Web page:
Cry, our beloved country
The UN, an institution not highly thought of in Israel, resolved to bring the separation fence to the International Court of Justice in The Hague (ICJ), another institution sneered at in this country. This has already aroused surprising nervousness in Jerusalem's government corridors.
Perhaps, after all, the world will save Israel from itself. Perhaps Israel's real friends will increase the pressure on the government. Perhaps they will understand that, even in Israel, external pressure is not always bad, because it may be the last chance to bring Israel back on the straight and narrow and make it a more just state.
The last attempt is modest, at present, but bodes well. The UN, an institution not highly thought of in Israel, resolved to bring the separation fence to the International Court of Justice in The Hague (ICJ), another institution sneered at in this country. This has already aroused surprising nervousness in Jerusalem's government corridors. Where the outcry of the Palestinians and the protest of the extreme left failed, the UN succeeded. This is not bad news. Suddenly Jerusalem officials discovered the wrongs the fence was causing. After most of its construction was completed, incarcerating thousands of families in compounds without anyone caring, a feeling of discomfort arose in Jerusalem. Yosef Lapid even warned of turning Israel into South Africa in the eyes of the world.
Good morning, justice minister, but your warning is too late. South Africa has been here for a long time already, and this is how most states of the world see it. Still, better late than never, only it's a pity the justice minister needed The Hague threat to understand that the fence his government built is an apartheid fence.
Had he bothered to go and see with his own eyes the thousands of school children waiting every morning, in all weather, for the IDF or Border Police jeep to arrive and open the gate for them on their way to school, the farmers cut off from their fields, the patients kept away from their clinics, the villages locked and bolted and the sight of a town behind barbed wire, he would not have needed the threat from The Hague to understand the injustice. After the settlements, the fence is the next punishment to be forced on the Palestinians. Israel, as usual, ignored it.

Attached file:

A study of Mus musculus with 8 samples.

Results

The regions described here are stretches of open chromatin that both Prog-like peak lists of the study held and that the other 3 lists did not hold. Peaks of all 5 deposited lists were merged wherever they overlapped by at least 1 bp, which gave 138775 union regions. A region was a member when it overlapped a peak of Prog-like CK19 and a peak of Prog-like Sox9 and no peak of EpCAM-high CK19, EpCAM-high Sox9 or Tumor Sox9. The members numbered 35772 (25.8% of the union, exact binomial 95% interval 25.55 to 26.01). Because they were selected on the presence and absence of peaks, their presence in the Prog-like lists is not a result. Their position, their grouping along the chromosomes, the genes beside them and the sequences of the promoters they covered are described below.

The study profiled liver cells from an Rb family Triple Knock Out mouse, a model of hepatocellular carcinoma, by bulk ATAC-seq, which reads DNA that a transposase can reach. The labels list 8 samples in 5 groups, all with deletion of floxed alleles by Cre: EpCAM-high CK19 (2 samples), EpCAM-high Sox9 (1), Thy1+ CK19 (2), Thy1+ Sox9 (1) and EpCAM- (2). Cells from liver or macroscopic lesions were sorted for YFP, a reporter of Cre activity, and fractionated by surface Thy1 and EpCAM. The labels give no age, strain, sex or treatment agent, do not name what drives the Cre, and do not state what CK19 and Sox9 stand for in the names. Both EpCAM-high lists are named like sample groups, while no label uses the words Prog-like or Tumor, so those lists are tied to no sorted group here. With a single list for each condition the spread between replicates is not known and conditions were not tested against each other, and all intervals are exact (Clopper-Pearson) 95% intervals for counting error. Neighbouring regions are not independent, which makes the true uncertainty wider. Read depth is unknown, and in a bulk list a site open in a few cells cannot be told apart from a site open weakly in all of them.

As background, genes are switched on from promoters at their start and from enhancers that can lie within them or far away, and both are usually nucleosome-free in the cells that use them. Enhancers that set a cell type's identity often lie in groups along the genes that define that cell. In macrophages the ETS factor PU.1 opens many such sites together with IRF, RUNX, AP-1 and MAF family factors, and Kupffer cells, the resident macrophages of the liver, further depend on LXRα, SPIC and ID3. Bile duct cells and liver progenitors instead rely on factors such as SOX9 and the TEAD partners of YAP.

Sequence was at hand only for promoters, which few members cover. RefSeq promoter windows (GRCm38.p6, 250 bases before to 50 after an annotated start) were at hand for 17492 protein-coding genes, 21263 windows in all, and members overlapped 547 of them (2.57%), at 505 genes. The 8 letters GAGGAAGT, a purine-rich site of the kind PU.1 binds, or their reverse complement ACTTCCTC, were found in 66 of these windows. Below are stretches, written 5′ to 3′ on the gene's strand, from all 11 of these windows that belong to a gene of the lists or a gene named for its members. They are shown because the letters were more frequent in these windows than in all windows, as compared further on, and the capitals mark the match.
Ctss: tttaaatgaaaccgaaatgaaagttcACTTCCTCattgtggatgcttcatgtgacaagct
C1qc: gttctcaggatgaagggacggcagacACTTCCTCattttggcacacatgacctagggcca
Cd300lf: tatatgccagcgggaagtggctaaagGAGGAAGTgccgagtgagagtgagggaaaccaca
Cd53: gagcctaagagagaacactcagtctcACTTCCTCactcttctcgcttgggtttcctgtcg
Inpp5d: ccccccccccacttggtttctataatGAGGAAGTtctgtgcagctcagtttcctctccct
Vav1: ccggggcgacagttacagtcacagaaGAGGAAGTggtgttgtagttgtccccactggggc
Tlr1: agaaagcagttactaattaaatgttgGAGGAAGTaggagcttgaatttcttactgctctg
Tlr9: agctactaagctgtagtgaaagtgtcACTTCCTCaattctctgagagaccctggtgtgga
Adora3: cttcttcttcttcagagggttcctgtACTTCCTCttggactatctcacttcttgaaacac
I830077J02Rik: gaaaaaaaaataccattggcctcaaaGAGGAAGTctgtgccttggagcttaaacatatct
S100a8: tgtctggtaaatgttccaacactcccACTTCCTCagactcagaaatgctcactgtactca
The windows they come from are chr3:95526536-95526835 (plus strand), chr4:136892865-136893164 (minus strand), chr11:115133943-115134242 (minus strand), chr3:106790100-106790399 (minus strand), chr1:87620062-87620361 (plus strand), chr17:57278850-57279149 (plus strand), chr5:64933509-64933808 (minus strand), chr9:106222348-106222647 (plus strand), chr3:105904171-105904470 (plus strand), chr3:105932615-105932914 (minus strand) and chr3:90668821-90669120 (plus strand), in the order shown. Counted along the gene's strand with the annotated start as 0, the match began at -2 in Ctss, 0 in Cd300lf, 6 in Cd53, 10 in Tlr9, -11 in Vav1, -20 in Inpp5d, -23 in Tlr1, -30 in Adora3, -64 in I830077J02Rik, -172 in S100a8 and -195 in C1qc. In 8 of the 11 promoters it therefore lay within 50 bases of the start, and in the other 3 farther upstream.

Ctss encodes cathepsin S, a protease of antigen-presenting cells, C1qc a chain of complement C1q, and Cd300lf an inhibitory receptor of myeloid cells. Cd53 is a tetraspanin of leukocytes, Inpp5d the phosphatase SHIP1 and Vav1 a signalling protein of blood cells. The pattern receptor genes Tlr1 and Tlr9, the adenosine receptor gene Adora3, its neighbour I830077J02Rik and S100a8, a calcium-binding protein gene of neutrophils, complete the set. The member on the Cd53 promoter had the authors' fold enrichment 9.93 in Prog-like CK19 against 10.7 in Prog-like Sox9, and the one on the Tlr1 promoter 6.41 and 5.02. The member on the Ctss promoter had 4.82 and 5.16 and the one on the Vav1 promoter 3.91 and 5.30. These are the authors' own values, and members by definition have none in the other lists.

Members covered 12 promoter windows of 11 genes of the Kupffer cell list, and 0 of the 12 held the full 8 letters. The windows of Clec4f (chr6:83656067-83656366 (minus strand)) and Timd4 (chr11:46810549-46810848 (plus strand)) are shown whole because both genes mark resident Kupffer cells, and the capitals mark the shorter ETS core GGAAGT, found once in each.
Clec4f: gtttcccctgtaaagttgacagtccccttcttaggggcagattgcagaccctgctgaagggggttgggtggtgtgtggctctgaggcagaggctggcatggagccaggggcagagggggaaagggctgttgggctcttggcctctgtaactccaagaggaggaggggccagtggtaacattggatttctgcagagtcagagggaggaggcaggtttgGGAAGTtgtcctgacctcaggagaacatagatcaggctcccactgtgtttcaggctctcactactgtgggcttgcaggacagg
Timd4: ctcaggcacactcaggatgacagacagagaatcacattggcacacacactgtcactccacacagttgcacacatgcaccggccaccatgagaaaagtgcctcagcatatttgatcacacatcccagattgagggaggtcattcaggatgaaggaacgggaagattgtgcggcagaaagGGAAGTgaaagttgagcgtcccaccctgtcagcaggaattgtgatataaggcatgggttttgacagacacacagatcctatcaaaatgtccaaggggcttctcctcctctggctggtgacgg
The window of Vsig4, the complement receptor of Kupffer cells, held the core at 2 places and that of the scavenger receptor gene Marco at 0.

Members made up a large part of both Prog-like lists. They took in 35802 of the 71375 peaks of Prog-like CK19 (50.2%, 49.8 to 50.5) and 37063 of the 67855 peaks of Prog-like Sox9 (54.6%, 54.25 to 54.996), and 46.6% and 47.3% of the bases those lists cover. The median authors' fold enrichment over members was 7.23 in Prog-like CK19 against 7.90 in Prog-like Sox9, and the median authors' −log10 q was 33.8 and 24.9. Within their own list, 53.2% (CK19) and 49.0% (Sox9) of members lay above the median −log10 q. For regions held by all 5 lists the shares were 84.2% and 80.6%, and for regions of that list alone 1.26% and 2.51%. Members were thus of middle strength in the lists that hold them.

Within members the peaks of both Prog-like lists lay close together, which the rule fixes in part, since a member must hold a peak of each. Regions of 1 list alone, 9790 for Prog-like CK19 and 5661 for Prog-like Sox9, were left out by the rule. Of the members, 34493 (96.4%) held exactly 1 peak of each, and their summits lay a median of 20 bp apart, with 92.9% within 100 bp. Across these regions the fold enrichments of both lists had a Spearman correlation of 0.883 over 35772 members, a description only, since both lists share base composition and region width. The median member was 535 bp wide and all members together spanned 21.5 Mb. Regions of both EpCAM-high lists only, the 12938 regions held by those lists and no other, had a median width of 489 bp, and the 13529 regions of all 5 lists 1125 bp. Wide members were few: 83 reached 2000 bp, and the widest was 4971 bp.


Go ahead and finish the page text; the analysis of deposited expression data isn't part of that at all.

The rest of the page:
South Africa was saved from itself and became a fair state, first and foremost because of international pressure exerted on its government. Had it not been for the economic sanctions and political isolation, perhaps apartheid would have lasted forever. Most of the fighters against apartheid saw the international pressure as a blessing and encouraged it. Regrettably, this applies to the Israeli occupation as well.
The pressure on apartheid South Africa began with a decision of the same ICJ the fence has now been brought before. From there, it's a short step to imposing economic sanctions and other boycotts, until the regime collapses and justice is established in the battered country. This could be the narrative of events in our case too. Anyone who fears for Israel's moral image should not be afraid of this.
Even without the wall, the Israeli occupation could be compared to South Africa's apartheid, even if the Israeli ideology is less despicable. Don't roads for Jews only, as most West Bank roads are today, justify the comparison? Aren't roadblocks distinguishing among people on the sole basis of origin racist?
It is regrettable that the fence reached The Hague. It is a pity Israel did not understand by itself that everyone may build a fence for his defense, but only on his own territory, not his neighbor's. Those who were supposed to raise a hue and cry against the fence that imprisoned people and usurped their land, kept mum. Those whose job it was to preserve the state's moral image and prevent what the fence is causing to tens of thousands of innocent people, betrayed their duty.
The media were not interested, the justice minister waited for The Hague, the attorney general gave everything the stamp of approval and the Supreme Court said not a word. Only the threat from The Hague managed to raise doubts.
Now the fence track around a few imprisoned villages is being modified, in an attempt to correct a little of the evil. What happened? Didn't the IDF know before that Hirbat Jabara would be fenced in from all directions, that Azun would perish behind the fence and that some of Joyous' houses would be cut off from the village? Didn't they look at the maps? Didn't they read the reports? Or the world newspapers?
It is sad that fear of the ICJ fell on this project of iniquity, rather than fear of the High Court of Justice in Jerusalem. Thus, The Hague was left as the last recourse for justice in Israel.
The hope that international institutions will rescue Israel from its evil doing is very problematic. But when the institutions of law and justice of the state fail, there is no recourse but to turn to the international one. Just like it would have been better had the whites in South Africa understood themselves that their regime was based on evil, it would have been better if those in power in Israel understood finally that our occupation regime is based on terrible evil that should have ended a long time ago.
When this does not happen, when 37 years go by and the occupation only becomes more brutal, when the Israeli consciousness is not being "seared" and does not internalize the enormity of the wickedness, there is no choice but to turn to the world for help. "Cry, the beloved country," wrote South African teacher Alan Paton in 1948 about his country's sick regime. The enlightened world cheered. But when the beloved country does not cry out itself, only curls inwardly in indifference, there is no choice but to turn to the world, so that it cries out instead.